There is a well-known syndrome in Indian politics known as the Dhritarashtra syndrome. Last week as expelled Samajwadi Party (SP) heavyweight Amar Singh held forth on the fate that has befallen the party and listed his grievances in detail, it became clear that once again another political ‘outsider’ had fallen victim to this syndrome. The blind parent, blindly partial to his own bloodline, alienates the second-in-command. In a fit of self-destructiveness, he fatally damages his own political achievements and legacy by becoming intent on anointing his son.
Dhritarashtra, the blind king of Hastinapur, has many 21st century avatars. His spirit enters the bodies of men, who are always clever politicians who have built political parties, yet men who throw their cleverness to the winds, when it comes to the political future of their sons.
The main reason for my departure, Amar Singh claimed, is because the SP has become a family empire. And indeed Mulayam Singh Yadav, grassroots netaji, Uttar Pradesh’s political prize-fighter, once a fierce critic of the Congress dynasty, has not only created his own ruling Yadav dynasty in the SP but also made sure that, irrespective of whether or not it makes political sense, son Akhilesh will be his chosen heir. After all, Amar Singh, despite being branded a political fixer, was a resourceful, English-speaking face of a party which needed to build bridges across UP’s caste and community divisions.
Mulayam isn’t the only politician possessed by the ghost of Dhritarashtra. The famous dark glasses of M. Karunanidhi have always rendered him sightless when it comes to his sons, Stalin and Azhagiri. Karunanidhi lost his key lieutenant, the fire and brimstone orator Vaiko, when the Dravida patriarch made it clear that when it came to political succession, the crown would be passed only to his son. Similarly, Bal Thackeray must have known in his heart that it was his crowd-pulling nephew Raj who was more his political heir than his shy, retiring, wildlife photographer son, Uddhav. But once again, when it came to choosing his successor, son Uddhav was anointed, leading to Raj’s departure, and the consequent weakening of the Sena.
S. Siddaramaiah was the Kuruba leader of Deve Gowda’s Janata Dal (Secular) and held the backward caste votebank for the party and was recognised as Deve Gowda’s unquestioned second-in-command. But when Deve Gowda had to choose a chief ministerial candidate, he opted for son H.D. Kumaraswamy, leading to the departure of Siddaramaiah and the loss of significant backward caste support for the JD(S). Congress warhorse in Kerala K. Karunakaran had been acknowledged for his political acumen, but his insistence on making his son K. Muralidharan a future leader forced him to lose his way in the party.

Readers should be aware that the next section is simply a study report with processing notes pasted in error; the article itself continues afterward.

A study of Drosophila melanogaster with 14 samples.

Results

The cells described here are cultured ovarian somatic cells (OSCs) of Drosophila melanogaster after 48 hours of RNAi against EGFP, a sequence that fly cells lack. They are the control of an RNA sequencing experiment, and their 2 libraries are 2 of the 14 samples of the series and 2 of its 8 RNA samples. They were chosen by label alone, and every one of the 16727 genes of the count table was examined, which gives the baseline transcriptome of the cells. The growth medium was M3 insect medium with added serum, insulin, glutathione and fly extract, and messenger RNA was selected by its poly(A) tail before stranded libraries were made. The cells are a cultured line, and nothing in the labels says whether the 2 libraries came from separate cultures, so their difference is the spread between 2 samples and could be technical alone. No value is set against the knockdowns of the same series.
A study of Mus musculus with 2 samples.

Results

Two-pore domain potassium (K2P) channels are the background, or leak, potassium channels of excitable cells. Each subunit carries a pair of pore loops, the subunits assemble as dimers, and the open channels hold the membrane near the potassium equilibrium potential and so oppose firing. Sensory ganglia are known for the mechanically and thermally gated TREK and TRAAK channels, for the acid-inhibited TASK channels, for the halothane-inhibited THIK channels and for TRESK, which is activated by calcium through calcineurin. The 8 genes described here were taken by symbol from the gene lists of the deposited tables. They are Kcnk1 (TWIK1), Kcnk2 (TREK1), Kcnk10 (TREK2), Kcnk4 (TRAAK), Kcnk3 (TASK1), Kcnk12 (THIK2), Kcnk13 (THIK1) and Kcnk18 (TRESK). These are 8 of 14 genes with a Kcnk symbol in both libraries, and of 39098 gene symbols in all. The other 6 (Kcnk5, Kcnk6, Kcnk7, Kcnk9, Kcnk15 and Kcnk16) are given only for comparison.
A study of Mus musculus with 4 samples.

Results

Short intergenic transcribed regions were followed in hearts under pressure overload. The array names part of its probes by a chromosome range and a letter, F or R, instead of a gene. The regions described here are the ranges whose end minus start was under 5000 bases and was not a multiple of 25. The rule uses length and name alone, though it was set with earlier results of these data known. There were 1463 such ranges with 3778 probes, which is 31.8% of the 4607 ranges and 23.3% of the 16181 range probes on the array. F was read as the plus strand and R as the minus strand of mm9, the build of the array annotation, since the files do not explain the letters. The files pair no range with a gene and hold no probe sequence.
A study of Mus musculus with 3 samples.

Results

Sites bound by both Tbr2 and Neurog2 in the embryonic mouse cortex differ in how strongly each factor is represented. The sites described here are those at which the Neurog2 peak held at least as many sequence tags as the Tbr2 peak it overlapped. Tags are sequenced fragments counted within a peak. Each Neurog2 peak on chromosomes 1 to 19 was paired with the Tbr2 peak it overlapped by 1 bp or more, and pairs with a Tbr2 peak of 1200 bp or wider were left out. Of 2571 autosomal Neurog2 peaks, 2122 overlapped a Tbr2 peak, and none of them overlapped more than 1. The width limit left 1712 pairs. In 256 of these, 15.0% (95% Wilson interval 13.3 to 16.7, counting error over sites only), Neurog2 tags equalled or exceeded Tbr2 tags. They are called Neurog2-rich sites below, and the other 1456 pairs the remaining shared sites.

At the heart of the Dhritarashtra syndrome is the gradual decline of the party system. Most regional parties do not hold democratic organisational elections, even though they are mandated by law to do so. The result is that the so-called political party is akin to a tightly-held family business where the spoils of power are shared by only those who bear the family surname. Then, whether it is Lalu Yadav’s Rashtriya Janata Dal in Bihar or the Abdullah family’s National Conference, the political party is now a private limited company, where those who are not part of the family can never aspire to go beyond a certain point. Even Sharad Pawar, who has publicly spoken out against dynasty politics, has made daughter Supriya Sule the Baramati MP.
The more complex case is, of course, the Indian National Congress. Born of the freedom movement, the post-Independence Congress was expected to symbolise the heartbeat of the new-born democracy and literally bring power to the people. Instead, particularly in the last decades, the Congress leadership has been monopolised by the khaas admi: defined as those who belong to privileged political families.
Political observers believe that the process of turning India into a dynastic democracy began with Indira Gandhi, whose decision to hand over the Congress to son Sanjay in 1975 resulted in not just the imposition of Emergency, but also in the institutionalisation of family rule. With the rise of Sonia Gandhi and her incredible success in holding the party together, only reconfirming the belief that the Congress is best run by single family control.
Rahul Gandhi has indicated that he would like to change the power equations, that he would like to ‘open up’ the Congress to new talent. But a majority of the ‘young’ MPs who have emerged as the party’s next line of leaders are the sons and daughters of prominent Congressmen. Congressmen must beware of the syndrome: political legacies may not be best served by political bloodlines.
Perhaps our feudal tradition has simply overpowered meritocracy. The ‘blind’ Dhritarashtra stayed silent during the dice game that cost the Pandavas their kingdom. He stayed silent as Draupadi was disrobed in public, even though it was his moral duty to act against his offspring. Perhaps Dhritarashtra’s ghost still walks, to prove that in India the duties of responsible kingship always evaporate when it comes to affection for one’s own son.
Sagarika Ghose is Senior Editor, CNN-IBN
The views expressed by the author are personal.